On 28th November 1979, Air New Zealand flight 901 crashed into Mt Erebus on Ross Island in Antarctica killing all 257 people on board. Captain Jim Collins and First Officer Gregory Cassin were in charge on the plane. This is the worst aviation disaster in New Zealand’s history.
Antarctica is an amazing place with so many magical things to see; snow covered islands and mountains, ice, penguins and so much more. People have always wanted to see this mysterious place but it wasn’t possible for anyone except adventurous explorers until Air New Zealand began taking people for scenic flights in 1977. People that could afford it could pay $245 and fly over Antarctica for the day. This is about the same as $1,200 in today’s money.
The scenic flights took off from Auckland then flew over many scenic points around Antarctica including the Auckland Islands, Balleny Islands near the Antarctic coast, the coast of Victorialand as far as McMurdo Sound, McMurdo Station and Scott Base on Ross Island and Campbell Island. The DC 10 would then return to Christchurch after covering over 8,600 km and flying for 11 hours.
At 12.49pm, only half way through their adventure, all 257 people onboard the Air New Zealand DC10 were killed after crashing into the slopes of Mt Erebus. Back home in New Zealand nobody knew that this disaster had occurred until later that evening when the first reports started coming in relaying that a sightseeing plane was missing in Antarctica. The wreckage of the plane wasn’t found until midnight and New Zealanders read of the terrible loss of life in the newspapers on the morning of 29th November 1979.
The New Zealand public and especially the families of those who died wanted to know why the disaster had happened. Ron Chippindale wrote a report blaming “pilot error” as the cause of the disaster. This was debated in great length and many people, especially the families, colleagues and friends of the crew were outraged at the finding. In April of 1981 Justice Peter Mahon’s report was released to the public and it cleared the crew of blame. Mahon’s report argued that the main causes of the crash were changes made to the plane’s navigation computer co-ordinates and the whiteout conditions which made it impossible for the crew to see the mountain. He also reported that there were many errors within the administration of Air New Zealand that contributed to the crash.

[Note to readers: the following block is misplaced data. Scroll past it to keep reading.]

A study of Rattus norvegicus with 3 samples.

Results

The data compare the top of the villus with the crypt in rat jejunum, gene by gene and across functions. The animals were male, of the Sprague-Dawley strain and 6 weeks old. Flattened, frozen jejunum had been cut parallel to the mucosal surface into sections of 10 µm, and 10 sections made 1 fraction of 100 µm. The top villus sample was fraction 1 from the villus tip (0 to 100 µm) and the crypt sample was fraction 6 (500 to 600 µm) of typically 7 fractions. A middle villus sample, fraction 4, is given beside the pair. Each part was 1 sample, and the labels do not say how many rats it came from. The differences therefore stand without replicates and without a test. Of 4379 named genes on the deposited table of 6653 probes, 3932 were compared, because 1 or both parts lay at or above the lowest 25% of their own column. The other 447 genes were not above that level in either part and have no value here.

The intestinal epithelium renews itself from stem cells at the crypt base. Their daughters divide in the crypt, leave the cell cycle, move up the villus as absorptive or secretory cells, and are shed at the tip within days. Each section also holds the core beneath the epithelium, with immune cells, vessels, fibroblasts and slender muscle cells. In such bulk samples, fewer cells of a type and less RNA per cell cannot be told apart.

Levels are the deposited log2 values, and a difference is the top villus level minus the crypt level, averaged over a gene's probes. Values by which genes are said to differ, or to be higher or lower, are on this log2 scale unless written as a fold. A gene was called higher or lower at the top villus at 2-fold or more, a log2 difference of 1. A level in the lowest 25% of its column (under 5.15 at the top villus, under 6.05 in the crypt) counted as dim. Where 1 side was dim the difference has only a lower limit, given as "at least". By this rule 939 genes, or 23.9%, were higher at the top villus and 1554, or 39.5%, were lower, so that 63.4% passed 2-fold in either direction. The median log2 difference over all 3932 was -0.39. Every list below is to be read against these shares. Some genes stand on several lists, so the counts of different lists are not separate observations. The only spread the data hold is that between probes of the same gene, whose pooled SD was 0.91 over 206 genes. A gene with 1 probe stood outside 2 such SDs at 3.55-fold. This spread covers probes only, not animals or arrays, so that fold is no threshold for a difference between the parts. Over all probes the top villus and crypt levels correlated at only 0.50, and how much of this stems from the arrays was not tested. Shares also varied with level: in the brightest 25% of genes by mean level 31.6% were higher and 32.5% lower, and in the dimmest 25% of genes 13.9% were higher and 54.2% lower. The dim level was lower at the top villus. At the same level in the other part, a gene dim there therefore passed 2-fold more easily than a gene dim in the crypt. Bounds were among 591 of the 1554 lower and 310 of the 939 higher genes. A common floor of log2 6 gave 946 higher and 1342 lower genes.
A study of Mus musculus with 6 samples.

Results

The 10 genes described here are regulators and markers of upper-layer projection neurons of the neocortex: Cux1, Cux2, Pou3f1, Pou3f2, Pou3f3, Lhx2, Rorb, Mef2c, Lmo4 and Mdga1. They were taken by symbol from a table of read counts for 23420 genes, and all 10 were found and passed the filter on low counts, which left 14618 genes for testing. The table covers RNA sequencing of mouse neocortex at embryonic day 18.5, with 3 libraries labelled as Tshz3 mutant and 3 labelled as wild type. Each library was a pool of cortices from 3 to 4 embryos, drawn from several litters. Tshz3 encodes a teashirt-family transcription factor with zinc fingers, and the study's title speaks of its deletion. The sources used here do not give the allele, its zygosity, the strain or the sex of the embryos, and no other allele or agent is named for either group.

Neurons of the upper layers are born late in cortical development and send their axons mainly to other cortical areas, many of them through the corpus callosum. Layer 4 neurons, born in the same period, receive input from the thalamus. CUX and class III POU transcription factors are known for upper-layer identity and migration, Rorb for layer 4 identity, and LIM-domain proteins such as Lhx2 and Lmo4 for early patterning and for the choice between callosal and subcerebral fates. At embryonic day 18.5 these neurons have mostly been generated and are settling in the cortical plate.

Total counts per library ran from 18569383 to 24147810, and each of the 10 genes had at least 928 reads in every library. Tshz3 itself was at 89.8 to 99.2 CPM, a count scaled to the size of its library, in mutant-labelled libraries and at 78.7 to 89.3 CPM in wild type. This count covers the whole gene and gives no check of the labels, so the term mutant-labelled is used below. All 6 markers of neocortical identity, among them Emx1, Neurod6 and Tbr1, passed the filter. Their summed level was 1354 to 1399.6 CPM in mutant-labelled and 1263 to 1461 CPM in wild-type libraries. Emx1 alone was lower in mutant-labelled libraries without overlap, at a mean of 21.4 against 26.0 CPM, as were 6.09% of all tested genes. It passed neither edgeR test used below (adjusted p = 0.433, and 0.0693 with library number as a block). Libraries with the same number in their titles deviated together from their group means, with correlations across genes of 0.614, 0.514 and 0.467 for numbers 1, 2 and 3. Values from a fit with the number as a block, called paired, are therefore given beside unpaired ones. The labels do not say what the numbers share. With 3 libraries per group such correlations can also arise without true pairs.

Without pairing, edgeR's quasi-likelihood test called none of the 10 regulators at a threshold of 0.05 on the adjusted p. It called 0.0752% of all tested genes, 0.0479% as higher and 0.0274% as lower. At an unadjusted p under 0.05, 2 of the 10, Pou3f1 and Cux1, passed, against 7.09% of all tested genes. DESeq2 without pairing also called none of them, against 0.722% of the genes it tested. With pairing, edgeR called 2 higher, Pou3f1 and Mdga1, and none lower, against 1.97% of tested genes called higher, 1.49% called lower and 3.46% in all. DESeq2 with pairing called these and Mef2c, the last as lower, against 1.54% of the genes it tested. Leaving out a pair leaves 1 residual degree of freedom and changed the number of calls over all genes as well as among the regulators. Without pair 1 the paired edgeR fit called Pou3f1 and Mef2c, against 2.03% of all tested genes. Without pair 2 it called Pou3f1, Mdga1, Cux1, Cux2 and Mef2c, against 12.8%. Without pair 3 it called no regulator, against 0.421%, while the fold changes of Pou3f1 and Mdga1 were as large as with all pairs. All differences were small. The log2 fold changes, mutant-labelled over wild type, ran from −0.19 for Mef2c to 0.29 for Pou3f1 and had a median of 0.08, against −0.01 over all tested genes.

Air New Zealand flight TE901 that ended so devastatingly on the slopes of Mt Erebus changed aviation in New Zealand and around the world for ever. Crash investigations now include research into “systemic failure” which looks into all the administrative and managerial factors that may have contributed to the crash. The training of pilots in New Zealand has also changed to include more study into the various human factors that can cause crashes.
257 people from New Zealand, Japan, America, United Kingdom, Switzerland, Canada, Australia and France were lost on that terrible day in the Antarctic. Thousands of people were directly affected by losing someone close to them and our nation was permanently changed by such a horrific loss of life. Many memorials have been built around New Zealand and there is also a memorial site on the lower slopes of Mt Erebus. Ceremonies are often held at these places on the anniversary of the tragedy and people take the opportunity to pay their respects to those who lost their lives in such a terribly sad and tragic way.